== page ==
New Channels

Orrymain

, Blogger: Orry's Orations
#1
I'm just curious -- for those with Comcast, when's the last time Comcast added a new channel in your area that was not a foreign language or package where you had to pay addition?

I think since they've come back here 10 years ago, they've added maybe four. The last two were Soapnet and Oxygen, and that was about three years ago. They never add anything here.
 

bicker

DTVUSA Member
#2
What channels are you looking for them to add?

I haven't seen any new channels introduced in the last few years that I would want to watch.
 

SWHouston

Moderator
Staff member
#3
Orry,

I think you're right about only 3-4 actually being added to the lineups.

What Comcast is more likely to do is...
They have that "counter" in their Box. The one which says "tune in ?? immediately", and it keeps tabs on which channels you watch most.

That way they can move that channel up to the next more costly Package, and screw you out of a few more bucks.

But, I really don't want to get into what a lousy POS I think Comcast is, not today anyway.

Have a good Day :)
S..W.
 

bicker

DTVUSA Member
#4
Market economics is actually a lot more sophisticated than that. You need to factor in the extent to which combinations of channels will drive how many consumers to make or not make specific tier selections. A very popular channel will probably not be pushed up to a higher tier of service, because having it on the lower tier of service will often drive more customers to select your service rather than doing without it. By the same token, a less popular channel is likely to be driven to a higher tier of service, if it fosters a strong but small fan-base, willing to pay for a higher tier even just to get that one channel. (I was in that category, vis a vis BBC America, for a while.)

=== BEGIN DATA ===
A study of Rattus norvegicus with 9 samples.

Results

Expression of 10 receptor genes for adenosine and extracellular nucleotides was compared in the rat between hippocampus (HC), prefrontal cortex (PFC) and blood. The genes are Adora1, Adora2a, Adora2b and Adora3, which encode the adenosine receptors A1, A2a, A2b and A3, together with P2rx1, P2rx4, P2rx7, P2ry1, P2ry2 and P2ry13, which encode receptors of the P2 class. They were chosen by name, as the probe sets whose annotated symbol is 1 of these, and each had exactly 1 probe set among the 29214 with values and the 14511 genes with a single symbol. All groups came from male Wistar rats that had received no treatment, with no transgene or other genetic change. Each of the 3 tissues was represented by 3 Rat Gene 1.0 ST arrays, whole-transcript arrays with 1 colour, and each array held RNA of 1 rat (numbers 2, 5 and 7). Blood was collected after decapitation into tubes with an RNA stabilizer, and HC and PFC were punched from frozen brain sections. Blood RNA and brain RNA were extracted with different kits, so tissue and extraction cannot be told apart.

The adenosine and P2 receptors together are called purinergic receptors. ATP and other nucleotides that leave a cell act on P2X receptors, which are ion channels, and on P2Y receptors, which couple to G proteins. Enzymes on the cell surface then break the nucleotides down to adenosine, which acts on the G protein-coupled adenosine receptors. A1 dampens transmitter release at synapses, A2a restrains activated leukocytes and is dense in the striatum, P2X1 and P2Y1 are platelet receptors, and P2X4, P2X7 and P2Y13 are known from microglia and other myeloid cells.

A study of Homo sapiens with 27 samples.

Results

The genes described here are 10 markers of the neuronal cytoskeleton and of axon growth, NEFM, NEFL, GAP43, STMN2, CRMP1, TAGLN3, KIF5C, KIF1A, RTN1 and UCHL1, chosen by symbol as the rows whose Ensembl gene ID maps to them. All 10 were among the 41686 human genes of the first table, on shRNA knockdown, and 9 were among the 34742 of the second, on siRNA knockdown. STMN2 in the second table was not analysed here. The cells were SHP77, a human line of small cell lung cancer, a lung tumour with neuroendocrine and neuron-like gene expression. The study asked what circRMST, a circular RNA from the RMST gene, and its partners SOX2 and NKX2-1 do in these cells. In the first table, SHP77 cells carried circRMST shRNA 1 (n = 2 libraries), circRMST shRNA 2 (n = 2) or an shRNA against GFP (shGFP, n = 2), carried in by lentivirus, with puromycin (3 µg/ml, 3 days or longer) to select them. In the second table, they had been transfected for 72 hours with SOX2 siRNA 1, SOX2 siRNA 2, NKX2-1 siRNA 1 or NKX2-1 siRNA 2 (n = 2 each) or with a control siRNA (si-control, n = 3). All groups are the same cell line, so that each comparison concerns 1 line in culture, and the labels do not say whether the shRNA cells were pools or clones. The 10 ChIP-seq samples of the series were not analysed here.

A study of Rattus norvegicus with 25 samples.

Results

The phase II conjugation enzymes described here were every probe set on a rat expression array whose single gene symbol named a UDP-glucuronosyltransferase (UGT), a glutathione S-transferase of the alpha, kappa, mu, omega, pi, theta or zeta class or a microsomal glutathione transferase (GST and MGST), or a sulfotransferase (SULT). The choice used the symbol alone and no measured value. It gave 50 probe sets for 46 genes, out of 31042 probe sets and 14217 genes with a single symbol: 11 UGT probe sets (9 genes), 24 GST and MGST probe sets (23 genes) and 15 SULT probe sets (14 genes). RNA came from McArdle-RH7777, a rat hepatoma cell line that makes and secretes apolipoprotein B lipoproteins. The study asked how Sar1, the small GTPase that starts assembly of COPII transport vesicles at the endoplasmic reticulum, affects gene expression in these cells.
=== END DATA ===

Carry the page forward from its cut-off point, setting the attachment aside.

The orphan in that is the less popular channel, without a strong fan-base. Conceptually, there are arguments to be made that such channels shouldn't even be carried, but putting those aside, such channels could be useful on a higher tier because they can drive a higher perceived value for that higher tier. Generally, the tier I'm referring to (called Digital Classic, at Comcast) is made up of channels that aren't really going to, together, appeal to anyone, but rather, as I alluded to above, have one or two channels that a subscriber might want a lot. Charging $15 per month, effectively, for one or two channels is pretty tough for a lot of folks to swallow, but the more channels that are thrown onto that tier -- channels that don't really justify themselves on the lower tier and really aren't the focus of any strong fan-base -- well the more channels the more some people are likely to accept the $15 per month, figuring that they'll get some more value out of the tier than just their favorites that are there. For me, I watched a lot of Science Channel programming, along with BBC America, when I had Digital Classic.

However, all of that is really just part of the story. The content providers, themselves, have a lot of say in whether they're willing to offer their channel for carriage on any specific tier.